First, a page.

The Defense Department needs new investments, new posture in some regions and new and enhanced capabilities to address five strategic challenges now driving DoD budgeting, Defense Secretary Ash Carter said today.
Carter was joined by Marine Corps Gen. Joe Dunford, chairman of the Joint Chiefs of Staff, in testimony before the House Armed Services Committee on the department’s fiscal year 2017 budget proposal,
“It’s evident that America is still today the world’s foremost leader, partner and underwriter of stability and security in every region of the world, as we have been since the end of World War II,” Carter told the panel.
“That’s thanks in large part to the unequivocal strength of the U.S. military,” he added.
Also today, Carter said, five evolving strategic challenges arising from Russia, China, North Korea, Iran and global terrorism drive the department’s planning and budgeting.
Addressing all the challenges, the defense secretary said, “requires new investments on our part, new posture in some regions, and also new and enhanced capabilities.”
The department must deal with these and other challenges across all domains -- air, land and sea and also cyber, electronic warfare and space, where a reliance on technology has given DoD strengths and opportunities but has led to vulnerabilities that adversaries want to exploit, he noted.
“Key to our approach is being able to deter our most advanced competitors. We must have -- and be seen to have -- the ability to ensure that anyone who starts a conflict with us will regret doing so,” Carter said.
“In our budget, our capabilities, our readiness and our actions we must and will be prepared for a high-end enemy -- what we call full-spectrum,” he added.
Carter said the fiscal year 2017 budget proposal makes critical investments to help the department better address the five evolving strategic challenges.
These include strengthening the deterrence posture in Europe by investing $3.4 billion in the European Reassurance Initiative -- four times what the department requested in fiscal year 2016, he said.
DoD also is prioritizing training and readiness for ground forces, reinvigorating fighter aircraft fleet readiness and modernization, and investing in innovative capabilities like the B-21 long-range strike bomber, microdrones, the arsenal plane and a range of advanced munitions, the secretary said.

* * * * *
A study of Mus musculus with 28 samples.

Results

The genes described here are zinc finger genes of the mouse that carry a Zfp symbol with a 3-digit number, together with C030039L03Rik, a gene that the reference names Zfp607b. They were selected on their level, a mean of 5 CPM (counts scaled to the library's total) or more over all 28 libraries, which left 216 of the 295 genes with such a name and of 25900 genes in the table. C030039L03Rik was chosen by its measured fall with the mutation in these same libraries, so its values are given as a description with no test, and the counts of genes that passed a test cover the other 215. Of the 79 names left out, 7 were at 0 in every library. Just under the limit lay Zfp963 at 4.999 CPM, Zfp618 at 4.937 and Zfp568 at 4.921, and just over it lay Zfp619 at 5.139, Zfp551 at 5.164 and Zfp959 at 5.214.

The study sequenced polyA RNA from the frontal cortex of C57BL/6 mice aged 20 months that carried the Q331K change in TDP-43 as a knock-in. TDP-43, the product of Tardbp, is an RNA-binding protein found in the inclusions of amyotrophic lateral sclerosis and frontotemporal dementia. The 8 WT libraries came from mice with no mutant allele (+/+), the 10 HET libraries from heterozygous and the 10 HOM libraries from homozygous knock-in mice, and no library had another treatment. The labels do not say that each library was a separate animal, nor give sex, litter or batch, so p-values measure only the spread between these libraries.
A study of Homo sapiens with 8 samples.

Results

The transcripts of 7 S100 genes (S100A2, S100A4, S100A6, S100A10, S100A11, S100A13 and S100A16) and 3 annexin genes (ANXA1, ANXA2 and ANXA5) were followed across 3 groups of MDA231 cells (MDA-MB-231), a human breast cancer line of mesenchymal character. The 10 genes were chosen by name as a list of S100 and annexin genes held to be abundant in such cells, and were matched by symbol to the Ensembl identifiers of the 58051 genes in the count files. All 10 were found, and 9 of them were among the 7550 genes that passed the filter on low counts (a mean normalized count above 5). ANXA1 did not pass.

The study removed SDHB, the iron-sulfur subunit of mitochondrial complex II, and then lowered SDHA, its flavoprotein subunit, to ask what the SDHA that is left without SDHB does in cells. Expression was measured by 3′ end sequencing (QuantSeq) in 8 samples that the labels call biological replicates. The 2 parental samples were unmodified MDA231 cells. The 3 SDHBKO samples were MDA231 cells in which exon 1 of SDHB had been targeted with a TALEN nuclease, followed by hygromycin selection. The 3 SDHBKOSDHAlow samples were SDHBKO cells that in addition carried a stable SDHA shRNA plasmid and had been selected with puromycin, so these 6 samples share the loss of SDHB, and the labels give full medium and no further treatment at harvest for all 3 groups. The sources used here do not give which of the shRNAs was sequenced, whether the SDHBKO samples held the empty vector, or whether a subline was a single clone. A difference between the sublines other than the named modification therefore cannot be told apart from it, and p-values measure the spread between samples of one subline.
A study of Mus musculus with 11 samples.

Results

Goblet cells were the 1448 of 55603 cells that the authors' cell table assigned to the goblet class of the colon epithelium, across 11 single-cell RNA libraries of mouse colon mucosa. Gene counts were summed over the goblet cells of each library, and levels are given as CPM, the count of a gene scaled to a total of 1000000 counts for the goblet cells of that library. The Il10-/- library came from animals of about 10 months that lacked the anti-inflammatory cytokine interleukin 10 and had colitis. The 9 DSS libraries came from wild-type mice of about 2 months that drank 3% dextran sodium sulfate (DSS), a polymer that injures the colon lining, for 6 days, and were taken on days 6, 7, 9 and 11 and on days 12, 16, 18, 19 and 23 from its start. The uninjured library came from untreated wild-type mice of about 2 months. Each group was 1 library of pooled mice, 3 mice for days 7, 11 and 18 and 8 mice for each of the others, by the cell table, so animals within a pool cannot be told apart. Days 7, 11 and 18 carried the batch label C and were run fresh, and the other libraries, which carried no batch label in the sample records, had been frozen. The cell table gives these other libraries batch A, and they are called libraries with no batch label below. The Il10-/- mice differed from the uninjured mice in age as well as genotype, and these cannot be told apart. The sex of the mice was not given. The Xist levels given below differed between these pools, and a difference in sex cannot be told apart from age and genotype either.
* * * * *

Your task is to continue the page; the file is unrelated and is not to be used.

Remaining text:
For the Navy, the department is increasing the number of ships and their lethality, with new weapons and high-end ships, and extending the commanding U.S. lead in undersea warfare, he said, noting that investments target unmanned undersea vehicles and more submarines with the versatile Virginia Payload Module that triples their strike capacity from 12 Tomahawks to 40.
“We’re doing more in cyber, electronic warfare and space, investing in these three domains a combined total of $34 billion in 2017. Among other things, this will help build our cyber mission force, develop next-generation electronic jammers, and prepare for the possibility of a conflict that extends into space,” Carter told the panel.
The budget also seizes opportunities for the future, Carter said, by making increased investments in science and technology, innovating operationally, and building bridges to companies that drive innovation in the United States.
Carter said that the Bipartisan Budget Act that set the size of the DoD budget gave the Pentagon a needed period of stability.
“The budget deal was a good deal; it gave us stability. We’re grateful for that. DoD’s greatest risk is losing that stability this year and having uncertainty and sequester return in future years,” he added.
“That’s why going forward the biggest budget priority for us strategically is Congress averting the return of sequestration -- to prevent what would be $100 billion in looming automatic cuts -- so we can maintain stability and sustain all these critical investments over time,” Carter said.